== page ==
G&G to present Beauty and the Beast

Cast and crew anticipate show’s première.

With only a week remaining until Garnet & Gold Musical Theatre Society premières their rendition of Beauty and the Beast, the highly- anticipated production is sure to make a powerful impact when it finally hits the stage Jan. 23. Following such productions as The Sound of Music and Willy Wonka, this theatrical take on a Disney classic is sure to distinguish itself among Garnet & Gold’s impressive history of excellent musicals.

Established in 1932, Garnet & Gold has committed itself to community-building and large-scale productions to be created and enjoyed by a diversity of individuals. Justin Thomas, a sixth-year Mount Allison student and Sackville native, has worked with G&G since high school and is currently the set manager for Beauty and the Beast.

“G&G tries to emphasize the community aspect,” said Thomas, accentuating the importance of a “family feeling” that is essential to a productive and cooperative experience. “That sort of illustrates what theatre is: it’s a very collaborative art form where everyone has a mutual purpose.”

 Meghan McLean, who stars in the lead role as Belle, believes that everyone involved in the production has a unique role that has brought the play to life. “Everyone has different talents … you learn to play up everybody’s strengths and appreciate them for what they bring to the table.”

This sentiment is also shared by newcomers to the G&G stage, who note that the process provides an opportunity for first- and second-year students to learn from their more experienced peers. “It’s like levelling up,” Kelsey Otto said, who notes that her role as dance captain has allowed her to explore new avenues of choreography and stage direction.

Although the play itself adheres fairly closely to the Disney interpretation, McLean identified that a challenging aspect of the production has been finding herself in her character, Belle. “It’s easy to fall into the Disney cliché and just read your lines like a princess” she joked, noting that the character is one she has wanted to play since childhood. While she admits to being influenced by portrayals of Belle in both the Disney film and other theatre productions, McLean explained that an actor or actress must insert a part of themselves into the character in order for it to be truly successful and believable. “You can tell somebody how they should play a certain part, but until they figure it out for themselves it’s not going to come across as authentic.”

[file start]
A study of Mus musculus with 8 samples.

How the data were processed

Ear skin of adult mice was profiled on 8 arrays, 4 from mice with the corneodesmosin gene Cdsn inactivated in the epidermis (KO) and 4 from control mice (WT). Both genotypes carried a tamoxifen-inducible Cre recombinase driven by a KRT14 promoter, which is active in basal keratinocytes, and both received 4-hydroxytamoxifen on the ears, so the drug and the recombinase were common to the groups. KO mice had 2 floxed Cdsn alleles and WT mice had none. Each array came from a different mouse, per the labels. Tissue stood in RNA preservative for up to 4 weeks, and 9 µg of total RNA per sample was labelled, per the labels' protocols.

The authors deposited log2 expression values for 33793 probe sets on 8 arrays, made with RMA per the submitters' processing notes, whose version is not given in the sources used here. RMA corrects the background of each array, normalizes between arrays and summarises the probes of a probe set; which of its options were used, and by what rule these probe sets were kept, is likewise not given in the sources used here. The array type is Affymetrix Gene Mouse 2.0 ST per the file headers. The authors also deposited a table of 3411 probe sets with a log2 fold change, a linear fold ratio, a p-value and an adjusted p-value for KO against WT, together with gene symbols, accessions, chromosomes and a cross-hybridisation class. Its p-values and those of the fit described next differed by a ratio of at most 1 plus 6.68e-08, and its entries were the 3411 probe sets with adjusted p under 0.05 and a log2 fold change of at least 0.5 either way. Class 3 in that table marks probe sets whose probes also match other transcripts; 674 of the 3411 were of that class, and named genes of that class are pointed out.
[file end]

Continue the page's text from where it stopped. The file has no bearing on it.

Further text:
McLean also praised the production’s artistic drector Karen Valanne for dedicating an impressive amount of time to exploring the complexity of the characters and helping each performer to make it their own. “I’ve never been in a show where we’ve put so much thought into the lines and what’s written down on the page. We’ve gone through and really investigated what everything means.”

In addition to being an enjoyable and educational environment behind the scenes, many cast and crew members are confident that the production has much in store for the audience. Some, like Kelsey Otto, are particularly fond of the handiwork of Kendrick Haunt, the production’s costume designer. “The costumes are quite brilliant,” Otto said.

Others have cited the large-scale effects and dynamic set design as a highlight of the production. Because this is his last year at Mt. A, Justin Thomas has spent an immense amount of time conceptualizing and constructing an immaculate set that mixes the historical with the fantastical. “This is going to be one of [G&G’s] most technical shows,” he said.

McLean claimed that the combination of talents is what really solidifies the fullness of the production. “I feel like there’s something for everybody,” she said. “I hope that it’s going to be as much of a magical experience for the audience as it will be for me.”

Beauty and the Beast will be performed in Convocation Hall Jan. 23 to 25 at 8 pm, with an additional matinee on Saturday at 2 pm. Student tickets can be purchased in advance for $10 at Joey’s, Tidewater Books, and the MASU Office, or $12 at the door.